So gum base is important to manufacturers. Chewing gum is a $25 billion per year business, 1,740,000,000,000 sticks. If humans chew each stick for 10 minutes, that is over 33,000,000 years we spend at it - annually.
Companies want to optimize it for their customers. If it is a bubble gum, people want it to be chewed fast enough they can put on a show, but still last for a while, so the amount of gum base will be lower, around 15 to 20 percent, than a sugary chewing gum, which will be around 25 percent gum base and sugar-free chewing gum, the most popular kind among adults unless you are someone who thinks aspartame and cell phones cause cancer, will be up to 30 percent.
It doesn't just matter for blowing bubbles or fresher breath, because gums are an effective way to provide bioactive compounds like flavonoids, choline, phytoestrogens, and coenzyme Q. The benefits of chewing gum are pretty well established (oral health, stress, and most recently, to mitigate risk of COVID-19) and the jury is still out on how well phenolic compounds in tea, olive oil, or fruits make a difference, we need more than epidemiological correlation to endorse them, but companies want to sell them and if enough buy them and the evidence goes beyond gimmicky statistical significance and into real weight of evidence the way oral health and sugar-free gum has been settled, then it will move into the science category and be possible for medicines.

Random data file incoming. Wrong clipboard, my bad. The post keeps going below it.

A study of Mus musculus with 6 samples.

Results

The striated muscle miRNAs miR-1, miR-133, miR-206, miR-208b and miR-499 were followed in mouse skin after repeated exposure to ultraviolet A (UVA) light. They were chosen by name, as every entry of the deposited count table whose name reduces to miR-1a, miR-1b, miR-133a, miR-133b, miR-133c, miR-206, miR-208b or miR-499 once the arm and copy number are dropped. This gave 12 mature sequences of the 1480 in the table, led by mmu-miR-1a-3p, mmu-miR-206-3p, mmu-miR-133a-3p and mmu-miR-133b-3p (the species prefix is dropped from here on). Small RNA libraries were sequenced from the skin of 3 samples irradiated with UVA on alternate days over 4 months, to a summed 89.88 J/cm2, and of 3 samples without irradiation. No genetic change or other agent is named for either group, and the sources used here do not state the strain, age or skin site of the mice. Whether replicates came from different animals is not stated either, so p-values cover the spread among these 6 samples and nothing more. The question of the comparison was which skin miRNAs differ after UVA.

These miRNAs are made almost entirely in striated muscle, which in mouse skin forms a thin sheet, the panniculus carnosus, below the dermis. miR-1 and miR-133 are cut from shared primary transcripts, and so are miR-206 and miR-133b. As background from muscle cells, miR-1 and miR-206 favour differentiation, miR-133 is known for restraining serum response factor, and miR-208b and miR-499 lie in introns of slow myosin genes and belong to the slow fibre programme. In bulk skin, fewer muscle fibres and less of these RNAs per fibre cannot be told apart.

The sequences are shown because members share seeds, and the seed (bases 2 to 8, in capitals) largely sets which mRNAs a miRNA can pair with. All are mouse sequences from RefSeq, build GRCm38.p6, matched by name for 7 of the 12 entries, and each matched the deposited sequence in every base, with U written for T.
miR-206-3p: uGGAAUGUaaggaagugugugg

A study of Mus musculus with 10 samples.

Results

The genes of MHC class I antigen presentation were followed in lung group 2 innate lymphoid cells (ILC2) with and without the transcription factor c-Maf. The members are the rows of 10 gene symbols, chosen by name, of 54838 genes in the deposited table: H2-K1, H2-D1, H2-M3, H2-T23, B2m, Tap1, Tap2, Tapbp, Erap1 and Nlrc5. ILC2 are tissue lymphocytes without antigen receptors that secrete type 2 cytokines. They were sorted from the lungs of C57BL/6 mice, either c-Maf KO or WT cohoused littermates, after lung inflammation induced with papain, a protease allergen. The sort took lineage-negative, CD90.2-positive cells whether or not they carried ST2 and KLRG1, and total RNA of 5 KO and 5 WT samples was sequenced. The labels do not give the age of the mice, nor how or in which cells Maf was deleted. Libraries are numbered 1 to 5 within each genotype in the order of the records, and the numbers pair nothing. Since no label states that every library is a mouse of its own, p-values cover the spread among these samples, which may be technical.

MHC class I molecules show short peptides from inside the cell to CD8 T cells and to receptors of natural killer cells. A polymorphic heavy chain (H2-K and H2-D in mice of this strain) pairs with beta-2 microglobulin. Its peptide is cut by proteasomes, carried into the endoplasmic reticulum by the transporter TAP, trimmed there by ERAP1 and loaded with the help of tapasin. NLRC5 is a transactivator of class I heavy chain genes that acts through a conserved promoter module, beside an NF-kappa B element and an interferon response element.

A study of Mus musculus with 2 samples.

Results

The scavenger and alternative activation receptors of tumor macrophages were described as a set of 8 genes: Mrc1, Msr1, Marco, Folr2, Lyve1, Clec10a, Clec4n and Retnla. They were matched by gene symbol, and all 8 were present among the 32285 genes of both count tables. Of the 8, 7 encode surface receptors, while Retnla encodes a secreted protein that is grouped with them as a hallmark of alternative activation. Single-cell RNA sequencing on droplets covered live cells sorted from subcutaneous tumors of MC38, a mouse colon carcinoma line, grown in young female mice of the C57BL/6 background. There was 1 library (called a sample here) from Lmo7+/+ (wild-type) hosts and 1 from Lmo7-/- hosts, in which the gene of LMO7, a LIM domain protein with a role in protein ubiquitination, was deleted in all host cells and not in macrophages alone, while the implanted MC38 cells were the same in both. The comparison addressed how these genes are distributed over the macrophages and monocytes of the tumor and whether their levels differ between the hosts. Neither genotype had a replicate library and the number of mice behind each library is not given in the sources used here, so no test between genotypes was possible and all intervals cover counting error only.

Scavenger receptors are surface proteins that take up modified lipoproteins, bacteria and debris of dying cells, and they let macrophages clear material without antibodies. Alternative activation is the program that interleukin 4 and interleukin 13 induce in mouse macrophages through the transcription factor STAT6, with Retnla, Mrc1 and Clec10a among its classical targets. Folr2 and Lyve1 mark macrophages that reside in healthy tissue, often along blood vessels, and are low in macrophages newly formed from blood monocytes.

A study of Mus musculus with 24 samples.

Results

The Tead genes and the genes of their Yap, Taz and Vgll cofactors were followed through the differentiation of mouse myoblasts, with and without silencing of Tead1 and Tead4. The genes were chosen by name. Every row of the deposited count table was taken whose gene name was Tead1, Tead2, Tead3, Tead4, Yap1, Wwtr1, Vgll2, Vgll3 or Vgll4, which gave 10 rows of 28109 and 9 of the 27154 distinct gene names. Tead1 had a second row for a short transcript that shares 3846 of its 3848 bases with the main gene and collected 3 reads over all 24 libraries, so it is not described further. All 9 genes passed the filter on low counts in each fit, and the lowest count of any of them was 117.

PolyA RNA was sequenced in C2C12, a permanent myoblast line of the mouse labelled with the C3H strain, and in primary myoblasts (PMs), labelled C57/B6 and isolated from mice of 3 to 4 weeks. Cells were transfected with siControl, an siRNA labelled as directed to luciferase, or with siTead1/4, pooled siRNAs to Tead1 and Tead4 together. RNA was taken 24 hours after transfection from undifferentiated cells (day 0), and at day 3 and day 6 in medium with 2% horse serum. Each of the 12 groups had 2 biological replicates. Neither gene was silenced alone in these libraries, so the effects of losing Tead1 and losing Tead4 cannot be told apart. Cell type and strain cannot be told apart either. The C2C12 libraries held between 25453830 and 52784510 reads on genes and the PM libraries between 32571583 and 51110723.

Even the military has been quietly funding development of healthy gum, to compound with its stress-relief benefits.
The desire to add new health benefits adds a new layer of need for optimizing taste, mouth feel, and gum endurance - if you want to include a bioactive, you need to make sure it is being chewed long enough to become bioavailable. The results were that the rate of deformation increases towards the nonlinear region, Samples were provided by the Maykim Gum Base Company, who are behind products like Bazooka and many others. They found the first to lose its elliptical shape was 213. No surprise as that has no bubble-forming properties, but also why it is a good choice for lasting long.
What might all that mean for the future? It is unclear. Most of that $25 billion business is entertainment - "candy" - and the dominant players don't want to introduce the FDA into their revenue for good reason. The supplement market is generally too sketchy to be trusted. That leaves gum in a bit of a gray area until smaller studies like this show it can be workable enough that a pharmaceutical company gets interested for something like vaccines.